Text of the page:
Academic success is connected to good personal health and wellness. York University has several programs and resources available that are designed to keep you safe, healthy, and happy while studying.
- Get involved in on campus clubs and activities.You will have fun and meet people.
- Stay in touch with friends and family back home.
- Stay healthy: eating well, getting enough sleep and exercising can reduce stress.
- Talk with other international students about your experiences at York. You will discover that you are not alone.
- Visit York International and speak with an advisor about your difficulties. They can help you through the challenging initial period in Toronto.
Understanding Canadian ValuesCanada is a multicultural and diverse nation. Because of this diversity, it is difficult to generalize about shared values and culture. You will find exceptions to examples outlined below; however, these are values and traits commonly found across Canada:
- Freedom and Individuality: Freedom and individuality are very important to Canadians, who are taught as children that they are responsible for their own lives. Canadians generally see themselves as individuals more than as members of a group or even a family.
- Equality: Generally, Canadians believe that all people are equal and they expect others to behave accordingly.
- Privacy: It is polite to ask about someone’s work or academic major, but it is generally considered impolite to ask or discuss someone's age, appearance (e.g., their weight), or status (e.g., how much their car costs).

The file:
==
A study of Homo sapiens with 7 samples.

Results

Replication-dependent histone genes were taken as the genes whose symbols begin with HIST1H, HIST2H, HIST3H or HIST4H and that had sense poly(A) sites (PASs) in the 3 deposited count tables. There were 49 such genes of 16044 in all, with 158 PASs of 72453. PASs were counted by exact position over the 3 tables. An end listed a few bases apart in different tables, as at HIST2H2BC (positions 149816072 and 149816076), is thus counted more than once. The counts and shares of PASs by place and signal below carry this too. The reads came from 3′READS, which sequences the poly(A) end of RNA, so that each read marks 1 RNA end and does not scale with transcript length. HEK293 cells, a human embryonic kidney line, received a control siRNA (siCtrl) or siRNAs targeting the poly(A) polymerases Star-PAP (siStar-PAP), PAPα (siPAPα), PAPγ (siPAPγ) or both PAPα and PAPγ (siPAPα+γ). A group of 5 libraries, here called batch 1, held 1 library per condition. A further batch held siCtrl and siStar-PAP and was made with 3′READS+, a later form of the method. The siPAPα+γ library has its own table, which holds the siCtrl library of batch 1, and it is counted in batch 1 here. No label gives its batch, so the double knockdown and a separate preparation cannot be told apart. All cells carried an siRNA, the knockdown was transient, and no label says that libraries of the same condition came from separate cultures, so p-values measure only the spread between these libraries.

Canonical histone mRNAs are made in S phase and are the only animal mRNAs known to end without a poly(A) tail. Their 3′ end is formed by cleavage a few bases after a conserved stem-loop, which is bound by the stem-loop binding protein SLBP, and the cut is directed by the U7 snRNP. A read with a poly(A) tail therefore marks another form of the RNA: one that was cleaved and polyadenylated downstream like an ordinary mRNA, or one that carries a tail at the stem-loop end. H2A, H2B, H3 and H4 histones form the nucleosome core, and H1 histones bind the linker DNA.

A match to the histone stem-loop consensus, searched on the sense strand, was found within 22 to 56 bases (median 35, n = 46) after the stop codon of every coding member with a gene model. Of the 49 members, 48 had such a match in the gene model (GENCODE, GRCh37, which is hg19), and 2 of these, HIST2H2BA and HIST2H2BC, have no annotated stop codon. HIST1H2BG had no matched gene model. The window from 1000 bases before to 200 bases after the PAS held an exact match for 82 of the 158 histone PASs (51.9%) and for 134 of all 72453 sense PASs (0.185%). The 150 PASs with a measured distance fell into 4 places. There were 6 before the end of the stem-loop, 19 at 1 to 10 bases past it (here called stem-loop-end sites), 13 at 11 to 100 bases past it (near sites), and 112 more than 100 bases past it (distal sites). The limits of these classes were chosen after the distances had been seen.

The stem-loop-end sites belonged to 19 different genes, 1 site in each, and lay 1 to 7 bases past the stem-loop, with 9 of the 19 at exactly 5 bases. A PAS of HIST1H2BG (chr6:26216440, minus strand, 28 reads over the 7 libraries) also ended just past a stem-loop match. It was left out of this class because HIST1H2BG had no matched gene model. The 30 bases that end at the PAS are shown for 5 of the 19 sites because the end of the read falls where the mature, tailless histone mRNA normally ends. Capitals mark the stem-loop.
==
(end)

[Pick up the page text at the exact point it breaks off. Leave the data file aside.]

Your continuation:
- Being on Time: It is important that you arrive on schedule for appointments, meetings, classes, and social engagements. If you cannot keep an appointment or are going to be late, it is expected that you inform those who are expecting you.
- Informality: In most cases, Canadians relate to one another informally. It is acceptable for students to ask questions or even disagree with professors, if they do so respectfully. Students commonly wear casual attire on campus and use slang among friends.
- Social Interactions: Canadians tend to be polite and apologetic. They say “please” and “thank you” often in social situations. When waiting in line, people line up in an orderly manner and expect others to do the same. When they interrupt or bump into one another, they may say, “Excuse me” or "Sorry."
- Political Correctness: Many Canadians value political correctness, which means they avoid expressions or actions that could be insulting to others. Canadians believe themselves to be tolerant of different lifestyles and customs.
AlcoholBecause different countries and cultures have different laws and customs about alcohol consumption, it is important for you to know the rules that exist in Ontario. In Ontario:
- The legal age to buy or consume alcohol is nineteen years. It is illegal to give alcohol to anyone under nineteen.
- It is illegal to serve anyone of any age to the point of intoxication.
- Alcohol can only be consumed in a private residence or in an establishment that has been licensed by the Alcohol and Gaming Commission of Ontario (AGCO). You can be charged and fined if you drink alcohol in any other public space.
- Many bars, clubs and concert venues deny entry to anyone below nineteen years old. You will be required to show your passport or other legal identification to confirm your age before being allowed to enter.
- Alcohol can only be purchased at government-controlled stores. Liquor Control Board of Ontario (LCBO) stores sell wine, spirits and beer, while The Beer Store only sells beer. You may be asked for photo identification whenever you attempt to purchase alcohol.